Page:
Mother, son killed in double shooting: sources

Police investigating security breach at JFK Airport


Responding to a report of an unauthorized person walking without visible identification, a member of Lufthansa Cargo personnel approached a suspect on the taxiway at John F. Kennedy International Airport on December 13 and asked for identification, according to a police report obtained from an official with direct knowledge of the investigation.

The suspect held a white piece of paper and approached the cargo worker, indicating that he was looking for the A train, which is a New York City subway line. The suspect then used profanity warning the worker not to say anything, the report said.

The incident occurred at 6:50 p.m., and the suspect is described in the report as a white male, estimated 5’9″, 185 lbs with dark hair wearing gray pants and gray sweatshirt.

The suspect then walked toward Terminal 8 where the worker lost sight of him. Police have not identified the suspect.

A canvas of gates 32, 34 and Terminal 8 did not locate the suspect, the report said.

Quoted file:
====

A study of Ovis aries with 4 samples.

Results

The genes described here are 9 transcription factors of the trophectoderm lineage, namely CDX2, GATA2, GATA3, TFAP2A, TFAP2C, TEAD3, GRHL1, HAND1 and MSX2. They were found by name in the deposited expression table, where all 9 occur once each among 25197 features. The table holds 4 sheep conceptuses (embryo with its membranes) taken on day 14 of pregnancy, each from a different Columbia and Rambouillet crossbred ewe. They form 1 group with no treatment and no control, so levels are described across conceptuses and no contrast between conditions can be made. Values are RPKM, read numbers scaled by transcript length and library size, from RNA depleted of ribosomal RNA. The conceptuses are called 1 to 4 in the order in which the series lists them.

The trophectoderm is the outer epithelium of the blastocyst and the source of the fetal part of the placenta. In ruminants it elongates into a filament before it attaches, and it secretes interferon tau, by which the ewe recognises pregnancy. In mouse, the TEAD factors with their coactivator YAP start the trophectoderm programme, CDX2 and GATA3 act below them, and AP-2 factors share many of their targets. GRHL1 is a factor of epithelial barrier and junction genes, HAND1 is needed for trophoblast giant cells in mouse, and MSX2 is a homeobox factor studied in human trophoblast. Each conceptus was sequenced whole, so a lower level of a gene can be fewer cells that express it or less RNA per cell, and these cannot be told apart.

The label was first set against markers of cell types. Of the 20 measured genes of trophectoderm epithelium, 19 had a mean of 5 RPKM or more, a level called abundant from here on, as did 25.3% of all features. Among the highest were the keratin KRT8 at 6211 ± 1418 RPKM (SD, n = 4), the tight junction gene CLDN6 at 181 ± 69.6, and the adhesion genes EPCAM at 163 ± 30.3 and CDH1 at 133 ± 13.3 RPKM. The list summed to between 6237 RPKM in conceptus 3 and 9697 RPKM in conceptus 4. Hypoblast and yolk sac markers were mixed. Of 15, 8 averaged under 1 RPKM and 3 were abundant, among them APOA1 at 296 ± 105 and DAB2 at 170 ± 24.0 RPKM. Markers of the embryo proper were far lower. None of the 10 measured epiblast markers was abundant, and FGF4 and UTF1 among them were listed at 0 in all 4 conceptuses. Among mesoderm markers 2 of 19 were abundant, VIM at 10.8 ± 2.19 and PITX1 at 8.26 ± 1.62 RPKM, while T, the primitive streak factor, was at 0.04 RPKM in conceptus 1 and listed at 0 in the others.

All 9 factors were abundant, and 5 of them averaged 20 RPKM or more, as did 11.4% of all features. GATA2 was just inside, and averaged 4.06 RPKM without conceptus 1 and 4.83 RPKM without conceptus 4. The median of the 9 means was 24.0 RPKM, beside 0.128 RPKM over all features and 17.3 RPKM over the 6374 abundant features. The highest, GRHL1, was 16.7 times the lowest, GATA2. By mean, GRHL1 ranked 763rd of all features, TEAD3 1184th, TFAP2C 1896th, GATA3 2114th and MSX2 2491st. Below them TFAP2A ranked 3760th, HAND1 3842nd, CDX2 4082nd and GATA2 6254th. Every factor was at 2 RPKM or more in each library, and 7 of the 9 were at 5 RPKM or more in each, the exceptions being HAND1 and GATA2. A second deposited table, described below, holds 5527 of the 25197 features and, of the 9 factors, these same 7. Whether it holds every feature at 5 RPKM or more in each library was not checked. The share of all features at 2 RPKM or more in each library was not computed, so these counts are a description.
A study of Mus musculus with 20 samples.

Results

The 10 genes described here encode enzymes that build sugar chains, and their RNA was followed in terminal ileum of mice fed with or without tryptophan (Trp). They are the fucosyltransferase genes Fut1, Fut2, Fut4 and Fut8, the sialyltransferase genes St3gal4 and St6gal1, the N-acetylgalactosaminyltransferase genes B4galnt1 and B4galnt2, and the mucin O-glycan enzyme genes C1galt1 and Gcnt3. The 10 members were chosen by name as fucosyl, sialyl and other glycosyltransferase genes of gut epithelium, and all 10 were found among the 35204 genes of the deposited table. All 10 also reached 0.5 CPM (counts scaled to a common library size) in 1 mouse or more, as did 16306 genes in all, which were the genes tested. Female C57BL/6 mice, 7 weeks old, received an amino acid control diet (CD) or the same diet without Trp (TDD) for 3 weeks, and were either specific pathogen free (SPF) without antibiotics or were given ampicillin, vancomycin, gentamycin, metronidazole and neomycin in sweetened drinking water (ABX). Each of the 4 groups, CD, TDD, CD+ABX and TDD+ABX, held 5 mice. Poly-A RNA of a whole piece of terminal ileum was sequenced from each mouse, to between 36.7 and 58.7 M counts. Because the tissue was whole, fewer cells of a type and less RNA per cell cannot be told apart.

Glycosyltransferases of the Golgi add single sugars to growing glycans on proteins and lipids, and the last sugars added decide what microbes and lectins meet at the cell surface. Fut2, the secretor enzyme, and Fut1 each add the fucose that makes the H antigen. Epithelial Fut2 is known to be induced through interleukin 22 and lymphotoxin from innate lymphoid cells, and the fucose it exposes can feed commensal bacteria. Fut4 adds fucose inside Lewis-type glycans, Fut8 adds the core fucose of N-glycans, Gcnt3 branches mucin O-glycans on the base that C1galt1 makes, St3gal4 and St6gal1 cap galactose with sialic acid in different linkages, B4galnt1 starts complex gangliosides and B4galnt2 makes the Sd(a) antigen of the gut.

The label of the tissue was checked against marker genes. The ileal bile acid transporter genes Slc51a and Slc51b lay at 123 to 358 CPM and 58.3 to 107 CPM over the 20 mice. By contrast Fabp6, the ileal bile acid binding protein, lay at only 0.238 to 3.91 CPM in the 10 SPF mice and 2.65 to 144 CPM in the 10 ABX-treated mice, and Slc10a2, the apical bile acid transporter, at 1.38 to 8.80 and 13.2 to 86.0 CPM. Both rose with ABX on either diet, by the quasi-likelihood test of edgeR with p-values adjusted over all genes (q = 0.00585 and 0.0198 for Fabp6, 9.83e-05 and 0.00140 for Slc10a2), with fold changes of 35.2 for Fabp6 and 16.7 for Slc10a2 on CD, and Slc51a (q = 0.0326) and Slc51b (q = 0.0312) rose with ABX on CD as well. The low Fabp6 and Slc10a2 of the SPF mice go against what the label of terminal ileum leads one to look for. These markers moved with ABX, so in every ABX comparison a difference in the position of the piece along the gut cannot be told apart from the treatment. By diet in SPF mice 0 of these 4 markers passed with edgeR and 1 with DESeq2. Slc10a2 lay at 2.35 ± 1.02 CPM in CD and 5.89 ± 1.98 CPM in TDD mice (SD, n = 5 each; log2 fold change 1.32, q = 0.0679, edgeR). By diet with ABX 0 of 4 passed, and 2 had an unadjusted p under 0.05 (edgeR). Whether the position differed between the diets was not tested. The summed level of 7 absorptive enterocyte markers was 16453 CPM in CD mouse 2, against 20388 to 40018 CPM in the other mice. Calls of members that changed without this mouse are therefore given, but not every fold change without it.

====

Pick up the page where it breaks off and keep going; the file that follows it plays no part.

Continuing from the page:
The Port Authority of New York and New Jersey, which runs security at the airport, provided the following statement:

“We had a report from an employee of the incident on December 13. Employees saw a man who did not display proper identification and inquired as to the reason for his presence in the area. The man responded but showed no id and left the area. PAPD responded, swept the area using canines etc and deemed the area safe. Presently, detectives are reviewing CCTV and interviewing potential witnesses. No incidents were reported at the time of the aforementioned on Sunday. The investigation continues.”

There was a brief hold in airport operations as the area was swept and the investigation began, said PAPD spokesman Joe Pentangelo, adding that per the FAA, the hold was 30 minutes.